What Is a Tidal Wave?

Tidal waves have nothing to do with the tides, which are caused by the gravity of the moon and the sun. A better term for a tidal wave is a seismic sea wave, or a tsunami, a word which comes from Japan, where tidal waves are common.

Tsunamis are caused by earthquakes under or near the ocean. These quakes shift the ocean bed and send sharp vibrations through the water. Underwater volcanoes or avalanches may also cause a tsunami.

A tsunami is not a single wave, but a series of waves. At sea, these waves may be just a few feet high, traveling along at more than 400 miles per hour.

As the waves near land, they move more slowly and their height increases. By the time they reach land, they may be over 100 feet high, moving at 100 miles an hour! One tsunami that hit Alaska after a 1964 earthquake was close to 220 feet high!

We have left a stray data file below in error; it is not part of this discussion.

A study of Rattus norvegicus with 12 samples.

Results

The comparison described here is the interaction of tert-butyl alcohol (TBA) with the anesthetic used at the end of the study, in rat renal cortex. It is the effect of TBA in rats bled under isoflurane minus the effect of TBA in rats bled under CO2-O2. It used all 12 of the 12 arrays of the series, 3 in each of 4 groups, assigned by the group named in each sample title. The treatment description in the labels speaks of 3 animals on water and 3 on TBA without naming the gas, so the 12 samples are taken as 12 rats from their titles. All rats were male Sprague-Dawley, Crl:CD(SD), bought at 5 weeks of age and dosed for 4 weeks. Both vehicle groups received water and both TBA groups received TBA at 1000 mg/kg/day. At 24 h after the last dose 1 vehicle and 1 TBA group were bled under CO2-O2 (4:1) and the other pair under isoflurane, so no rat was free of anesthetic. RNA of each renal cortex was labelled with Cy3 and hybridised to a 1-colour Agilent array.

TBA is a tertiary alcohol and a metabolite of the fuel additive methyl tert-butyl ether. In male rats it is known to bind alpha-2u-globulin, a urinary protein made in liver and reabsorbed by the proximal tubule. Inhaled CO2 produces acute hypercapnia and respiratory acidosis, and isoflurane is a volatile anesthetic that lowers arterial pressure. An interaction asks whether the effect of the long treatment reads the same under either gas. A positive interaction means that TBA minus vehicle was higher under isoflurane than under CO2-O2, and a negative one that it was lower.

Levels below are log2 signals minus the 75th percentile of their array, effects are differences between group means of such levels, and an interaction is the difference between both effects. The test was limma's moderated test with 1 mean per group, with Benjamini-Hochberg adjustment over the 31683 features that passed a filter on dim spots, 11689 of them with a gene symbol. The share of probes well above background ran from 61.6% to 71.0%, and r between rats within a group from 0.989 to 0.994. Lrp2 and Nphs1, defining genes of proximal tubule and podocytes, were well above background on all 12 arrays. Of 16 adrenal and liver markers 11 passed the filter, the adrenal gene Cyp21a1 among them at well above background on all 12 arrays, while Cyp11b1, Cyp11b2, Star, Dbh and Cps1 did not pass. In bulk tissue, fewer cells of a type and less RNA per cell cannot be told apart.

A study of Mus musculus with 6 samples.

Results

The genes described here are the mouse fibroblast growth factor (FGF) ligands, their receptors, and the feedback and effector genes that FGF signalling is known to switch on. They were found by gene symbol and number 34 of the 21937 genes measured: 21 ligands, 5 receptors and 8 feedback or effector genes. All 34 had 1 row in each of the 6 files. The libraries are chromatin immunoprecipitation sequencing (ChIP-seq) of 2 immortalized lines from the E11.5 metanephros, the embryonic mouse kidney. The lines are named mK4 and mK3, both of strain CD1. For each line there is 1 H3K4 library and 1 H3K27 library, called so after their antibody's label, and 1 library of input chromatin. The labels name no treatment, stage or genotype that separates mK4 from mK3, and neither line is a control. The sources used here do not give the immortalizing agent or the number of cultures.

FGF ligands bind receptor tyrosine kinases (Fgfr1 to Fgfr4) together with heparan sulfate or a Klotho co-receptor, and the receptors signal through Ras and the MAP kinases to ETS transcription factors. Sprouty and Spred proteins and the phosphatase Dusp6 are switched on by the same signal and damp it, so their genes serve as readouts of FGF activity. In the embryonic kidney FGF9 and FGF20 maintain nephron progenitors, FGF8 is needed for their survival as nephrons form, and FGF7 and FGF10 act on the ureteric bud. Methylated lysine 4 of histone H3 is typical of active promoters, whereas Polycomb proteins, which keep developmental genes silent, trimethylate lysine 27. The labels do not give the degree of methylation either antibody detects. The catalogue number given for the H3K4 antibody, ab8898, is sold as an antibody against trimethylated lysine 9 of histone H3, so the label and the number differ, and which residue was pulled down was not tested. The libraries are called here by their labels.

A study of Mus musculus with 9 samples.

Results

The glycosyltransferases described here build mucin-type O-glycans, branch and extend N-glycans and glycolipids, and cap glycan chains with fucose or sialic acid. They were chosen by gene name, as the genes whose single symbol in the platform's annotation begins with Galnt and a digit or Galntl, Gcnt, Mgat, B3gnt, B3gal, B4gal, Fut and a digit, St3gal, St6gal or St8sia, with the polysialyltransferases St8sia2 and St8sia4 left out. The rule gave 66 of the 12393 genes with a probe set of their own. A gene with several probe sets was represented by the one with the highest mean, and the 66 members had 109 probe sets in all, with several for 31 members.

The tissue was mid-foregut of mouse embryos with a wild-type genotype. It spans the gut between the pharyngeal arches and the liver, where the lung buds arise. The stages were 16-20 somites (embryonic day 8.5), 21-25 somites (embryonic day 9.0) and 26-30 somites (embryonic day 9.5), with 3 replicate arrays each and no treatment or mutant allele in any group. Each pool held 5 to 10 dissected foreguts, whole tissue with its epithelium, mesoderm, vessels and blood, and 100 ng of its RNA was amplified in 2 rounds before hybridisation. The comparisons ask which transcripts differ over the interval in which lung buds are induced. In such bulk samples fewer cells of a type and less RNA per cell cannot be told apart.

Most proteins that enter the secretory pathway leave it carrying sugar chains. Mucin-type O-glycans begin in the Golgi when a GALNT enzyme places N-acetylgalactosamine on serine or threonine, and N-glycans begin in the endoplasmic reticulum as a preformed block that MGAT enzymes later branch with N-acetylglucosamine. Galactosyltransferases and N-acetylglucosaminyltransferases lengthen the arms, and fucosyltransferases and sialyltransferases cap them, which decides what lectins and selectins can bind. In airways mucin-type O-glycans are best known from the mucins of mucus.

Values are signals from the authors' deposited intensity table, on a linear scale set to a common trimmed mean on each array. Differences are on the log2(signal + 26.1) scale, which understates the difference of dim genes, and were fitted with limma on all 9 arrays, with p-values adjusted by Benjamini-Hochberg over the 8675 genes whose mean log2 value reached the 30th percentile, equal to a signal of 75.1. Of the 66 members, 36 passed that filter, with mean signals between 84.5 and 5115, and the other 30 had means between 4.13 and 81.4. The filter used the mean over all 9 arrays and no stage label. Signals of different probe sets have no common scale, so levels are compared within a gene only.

A tsunami can cross an entire ocean, and these massive waves often cause great damage when they strike land. In 1883, a tsunami killed 36,000 people in the East Indies, and an 1896 tsunami killed 27,000 people in Japan.

A single earthquake in 1960 sent tsunamis to places as far apart as Chile and Japan!

About Karen Hill

Karen Hill is a freelance writer, editor, and columnist. Born in New York, her work has appeared in the Examiner, Yahoo News, Buzzfeed, among others.

2 thoughts on “What Is a Tidal Wave?”

  1. Tidal waves and tsunamis are totally different things.
    Tidal waves have a connection with the moon or the sun (gravity)
    While Tsunamis are linked to underwater disturbances.